EuFMD “Open Session” reviews FMD control

The theme of this year’s session is “Appliance of Science in the Progressive Control of FMD”. The meeting is open to the participation of people and organizations involved in the areas of FMD control, laboratory services, research and development, and those attending are predominantly from Europe and its neighbouring regions, but there will also be wider participation from FMD free and endemic countries from other regions.

Open Sessions of the Standing Technical Committee, which is an external panel of expert advisors, have been held every two years to discuss technical issues of major importance to international control of FMD. The Standing Technical Committee has responsibility to provide strategic guidance and advice to the EuFMD on technical issues and to bring attention to new developments important for policy making.

In 2011, EuFMD established a Special Committee on Research (SCR), with 12 elected members. The SCR reviews the technical developments reported at the Open Session important to FMD surveillance and control in the member states and may be commissioned, or propose, studies to the STC. In 2009-12, studies were supported on full genome sequencing, epidemiology in wild boar, telemetry and non-invasive sampling of wild boar, NSP and LPBE diagnostics for SAT viruses, serotype specific PCR assays, software for surveillance design, vaccine effectiveness in the field, and a global survey on FMD Research (supported through the Global Foot-and-Mouth Disease Research Alliance, GFRA). These studies and their findings are included among the many papers to be presented during the Open Sessions.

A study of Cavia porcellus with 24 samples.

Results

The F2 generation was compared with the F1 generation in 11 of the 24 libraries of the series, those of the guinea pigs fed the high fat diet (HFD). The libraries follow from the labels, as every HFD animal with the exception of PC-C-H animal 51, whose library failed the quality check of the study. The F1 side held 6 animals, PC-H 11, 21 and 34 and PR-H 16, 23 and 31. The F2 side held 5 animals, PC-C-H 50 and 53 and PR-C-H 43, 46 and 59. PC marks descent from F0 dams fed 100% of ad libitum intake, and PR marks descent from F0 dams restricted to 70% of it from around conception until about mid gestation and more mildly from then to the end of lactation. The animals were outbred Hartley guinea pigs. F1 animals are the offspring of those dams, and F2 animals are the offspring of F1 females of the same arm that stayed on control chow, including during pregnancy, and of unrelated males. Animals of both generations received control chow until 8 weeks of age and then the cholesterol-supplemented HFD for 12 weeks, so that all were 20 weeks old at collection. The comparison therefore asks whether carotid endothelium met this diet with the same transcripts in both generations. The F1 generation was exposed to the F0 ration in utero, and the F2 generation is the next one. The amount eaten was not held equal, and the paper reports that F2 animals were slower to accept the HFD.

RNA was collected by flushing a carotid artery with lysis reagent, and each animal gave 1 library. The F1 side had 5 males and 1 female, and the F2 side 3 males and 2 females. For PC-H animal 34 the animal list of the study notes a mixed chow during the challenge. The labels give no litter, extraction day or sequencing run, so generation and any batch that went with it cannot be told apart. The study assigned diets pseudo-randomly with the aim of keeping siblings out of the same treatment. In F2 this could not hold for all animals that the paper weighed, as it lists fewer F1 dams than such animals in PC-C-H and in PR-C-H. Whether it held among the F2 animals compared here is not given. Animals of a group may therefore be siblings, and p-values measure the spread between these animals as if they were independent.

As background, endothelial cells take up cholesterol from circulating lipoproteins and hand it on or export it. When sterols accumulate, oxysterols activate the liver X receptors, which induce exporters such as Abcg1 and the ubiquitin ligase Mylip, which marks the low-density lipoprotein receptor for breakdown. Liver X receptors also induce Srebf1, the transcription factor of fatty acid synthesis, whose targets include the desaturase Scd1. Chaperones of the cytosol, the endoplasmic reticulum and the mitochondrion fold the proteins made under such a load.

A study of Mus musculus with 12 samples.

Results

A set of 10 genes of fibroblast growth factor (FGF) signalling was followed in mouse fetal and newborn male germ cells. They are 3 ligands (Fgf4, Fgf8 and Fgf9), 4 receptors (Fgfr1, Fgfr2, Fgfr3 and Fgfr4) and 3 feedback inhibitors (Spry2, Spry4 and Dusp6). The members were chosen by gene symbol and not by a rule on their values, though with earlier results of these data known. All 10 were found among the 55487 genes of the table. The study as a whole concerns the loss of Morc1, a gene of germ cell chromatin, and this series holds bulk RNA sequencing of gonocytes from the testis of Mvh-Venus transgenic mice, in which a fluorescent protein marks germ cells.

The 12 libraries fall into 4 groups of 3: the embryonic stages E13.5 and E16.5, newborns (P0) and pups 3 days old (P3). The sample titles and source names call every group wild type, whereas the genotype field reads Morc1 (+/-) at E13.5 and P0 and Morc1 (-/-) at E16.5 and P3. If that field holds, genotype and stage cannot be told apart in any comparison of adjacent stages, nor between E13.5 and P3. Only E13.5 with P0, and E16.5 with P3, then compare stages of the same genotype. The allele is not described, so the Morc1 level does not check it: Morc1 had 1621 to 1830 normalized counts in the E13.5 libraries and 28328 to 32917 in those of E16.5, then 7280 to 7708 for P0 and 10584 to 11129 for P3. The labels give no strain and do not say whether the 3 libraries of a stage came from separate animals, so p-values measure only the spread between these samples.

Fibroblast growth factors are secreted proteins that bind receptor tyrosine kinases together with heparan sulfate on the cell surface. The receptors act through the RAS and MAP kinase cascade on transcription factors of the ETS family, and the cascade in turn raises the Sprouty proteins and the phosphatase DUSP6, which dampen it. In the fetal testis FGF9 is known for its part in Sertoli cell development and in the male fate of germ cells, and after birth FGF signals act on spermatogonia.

The Open Sessions have had a history of developing new ideas that are taken up by international organizations. For example, the Session in Erice, Italy, in 2008 introduced the concept of different FMD virus pools as a basis for regional, risk based vaccination and control programmes, and began development of a benchmarking process called the “Progressive Control Pathway (PCP-FMD)” by EuFMD and FAO that has become widely applied as a framework for developing sustainable national programmes.

The PCP-FMD has since 2011 also been a joint tool with the World Organisation for Animal Health (OIE), and provides a framework for the Global Strategy for FMD Control launched by FAO and OIE in Bangkok in June 2012. The Strategy has the aim of all endemic countries advancing two PCP Stages in the next 15 years; in other words, at the end of this period, all countries will have at the least a control programme protecting their vulnerable sectors, a major step forward given the scale of populations in which FMD isn’t being addressed and where currently little is known about which FMD viruses are present.

The 2012 Open Session recognizes networking is essential, to develop and spread ideas. It recognizes that science will help FMD control in every part of the affected world.